Taking Care of Yourself
Taking care of oneself is extremely important for anyone but it is essential for those with chronic illnesses and this includes those who are living with HIV/AIDS.
Proper nutrition, regular exercise, sleeping, and emotional well-being are also important to living a long, healthy and productive life.
What to Expect
Having fears is normal and is part of learning to live with HIV/AIDS. That is why it is extremely important for you to take part in your care and that involves asking questions, learning about the disease, knowing and paying attention to your body (changes, effects of the drugs if you are taking medications, etc.) and sharing this information with your provider.
Regular Check Ups
Keeping your appointments with your provider is part of taking care of oneself. Your viral load (the amount of virus you have in your body) and CD4 (the white blood cells that help your body fight infections) counts need to be monitored on a regular basis. Ideally, you want the viral load to be low and your CD4 count to be high. When you go in for your CD4 counts, this is a good time to share with your provider any concerns, changes you have noticed and how you feel physically.
It is also important to contact your provider when you are not feeling well; especially when the symptoms last longer than normal. Immediately contact your provider if you:
Together, with other physicians who specialize in certain areas (through consultation or visits), they can come up with a plan to address the changes you may have noticed.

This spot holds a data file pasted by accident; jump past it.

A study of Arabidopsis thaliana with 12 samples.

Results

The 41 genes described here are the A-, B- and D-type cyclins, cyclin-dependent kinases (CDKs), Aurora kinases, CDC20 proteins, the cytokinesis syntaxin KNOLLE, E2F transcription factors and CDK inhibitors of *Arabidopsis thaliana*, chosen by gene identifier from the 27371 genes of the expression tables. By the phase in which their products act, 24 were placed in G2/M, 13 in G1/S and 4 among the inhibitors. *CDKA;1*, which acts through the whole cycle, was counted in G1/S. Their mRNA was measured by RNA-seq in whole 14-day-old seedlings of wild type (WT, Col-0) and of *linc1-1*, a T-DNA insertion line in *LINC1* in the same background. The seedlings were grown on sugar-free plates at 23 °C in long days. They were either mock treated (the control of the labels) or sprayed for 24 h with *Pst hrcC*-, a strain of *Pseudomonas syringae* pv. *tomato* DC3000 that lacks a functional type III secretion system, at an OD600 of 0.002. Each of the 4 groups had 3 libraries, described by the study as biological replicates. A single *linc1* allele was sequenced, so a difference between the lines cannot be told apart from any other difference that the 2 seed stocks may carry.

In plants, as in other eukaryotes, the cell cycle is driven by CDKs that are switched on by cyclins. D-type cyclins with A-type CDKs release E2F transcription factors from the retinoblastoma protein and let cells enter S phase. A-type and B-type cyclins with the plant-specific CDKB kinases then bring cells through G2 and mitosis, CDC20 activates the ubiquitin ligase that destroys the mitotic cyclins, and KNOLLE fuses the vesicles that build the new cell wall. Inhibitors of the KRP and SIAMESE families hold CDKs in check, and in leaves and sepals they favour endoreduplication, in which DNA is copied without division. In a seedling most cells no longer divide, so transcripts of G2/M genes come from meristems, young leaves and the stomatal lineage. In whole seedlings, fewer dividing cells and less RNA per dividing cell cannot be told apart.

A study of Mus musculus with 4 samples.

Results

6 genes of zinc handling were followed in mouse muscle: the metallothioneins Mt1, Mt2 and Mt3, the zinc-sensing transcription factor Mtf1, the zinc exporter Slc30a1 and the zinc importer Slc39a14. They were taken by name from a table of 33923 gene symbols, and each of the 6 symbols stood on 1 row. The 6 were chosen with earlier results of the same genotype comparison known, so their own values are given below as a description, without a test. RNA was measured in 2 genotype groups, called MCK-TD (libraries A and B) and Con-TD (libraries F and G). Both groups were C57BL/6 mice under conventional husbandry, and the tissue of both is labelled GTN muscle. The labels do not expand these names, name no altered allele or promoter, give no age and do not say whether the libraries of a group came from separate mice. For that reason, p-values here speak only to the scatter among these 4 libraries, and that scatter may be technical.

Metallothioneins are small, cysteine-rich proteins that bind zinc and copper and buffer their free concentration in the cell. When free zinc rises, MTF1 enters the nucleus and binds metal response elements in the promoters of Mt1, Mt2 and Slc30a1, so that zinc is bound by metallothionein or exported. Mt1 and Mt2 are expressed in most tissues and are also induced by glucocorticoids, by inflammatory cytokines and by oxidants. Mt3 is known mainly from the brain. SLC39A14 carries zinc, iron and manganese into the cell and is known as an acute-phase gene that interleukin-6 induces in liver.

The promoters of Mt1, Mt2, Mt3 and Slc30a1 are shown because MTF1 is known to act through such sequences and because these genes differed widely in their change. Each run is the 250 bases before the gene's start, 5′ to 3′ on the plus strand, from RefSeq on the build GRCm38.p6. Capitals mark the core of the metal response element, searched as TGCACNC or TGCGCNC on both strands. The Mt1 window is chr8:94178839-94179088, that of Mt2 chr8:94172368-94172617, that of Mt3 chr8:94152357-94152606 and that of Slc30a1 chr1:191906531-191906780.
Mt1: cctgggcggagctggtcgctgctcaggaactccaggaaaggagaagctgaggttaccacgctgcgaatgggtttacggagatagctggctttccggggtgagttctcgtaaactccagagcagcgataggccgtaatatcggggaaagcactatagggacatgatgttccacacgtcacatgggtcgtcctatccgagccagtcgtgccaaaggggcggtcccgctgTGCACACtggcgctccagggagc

Working out on a regular basis, and playing sports that you enjoy helps your body stay healthy, develop strong muscles, and helps you fight other illnesses. Studies have also shown that people who exercise regularly recover from ailments (colds, flus, injuries, etc.) faster than those who are not physically healthy. As people grow older, their bodies naturally change; however, for those who live with HIV or AIDS, some may lose muscles or their bodies may change faster than others.
Getting a good night's rest is also important to healthy living. Sleeping properly allows your body to rest and restore energy; taking naps when you are feeling tired may also help. It is always helpful to listen to your body, especially when you are not feeling well, but make sure you see your health care provider when illnesses last longer than normal.
Living with a disease, especially one that many people do not understand or know about, can be stressful. It helps to talk to someone you trust, such as a mental health counselor, your health care provider, a trusted friend, or even others who may be in the same situation that you are in, when you are faced with challenges in your life or fearful thoughts.
Seeking or keeping regular appointments with a mental health counselor or therapist does not mean that you are crazy. Mental health professionals are very much like physicians who work and seek to help you deal with living with HIV or AIDS.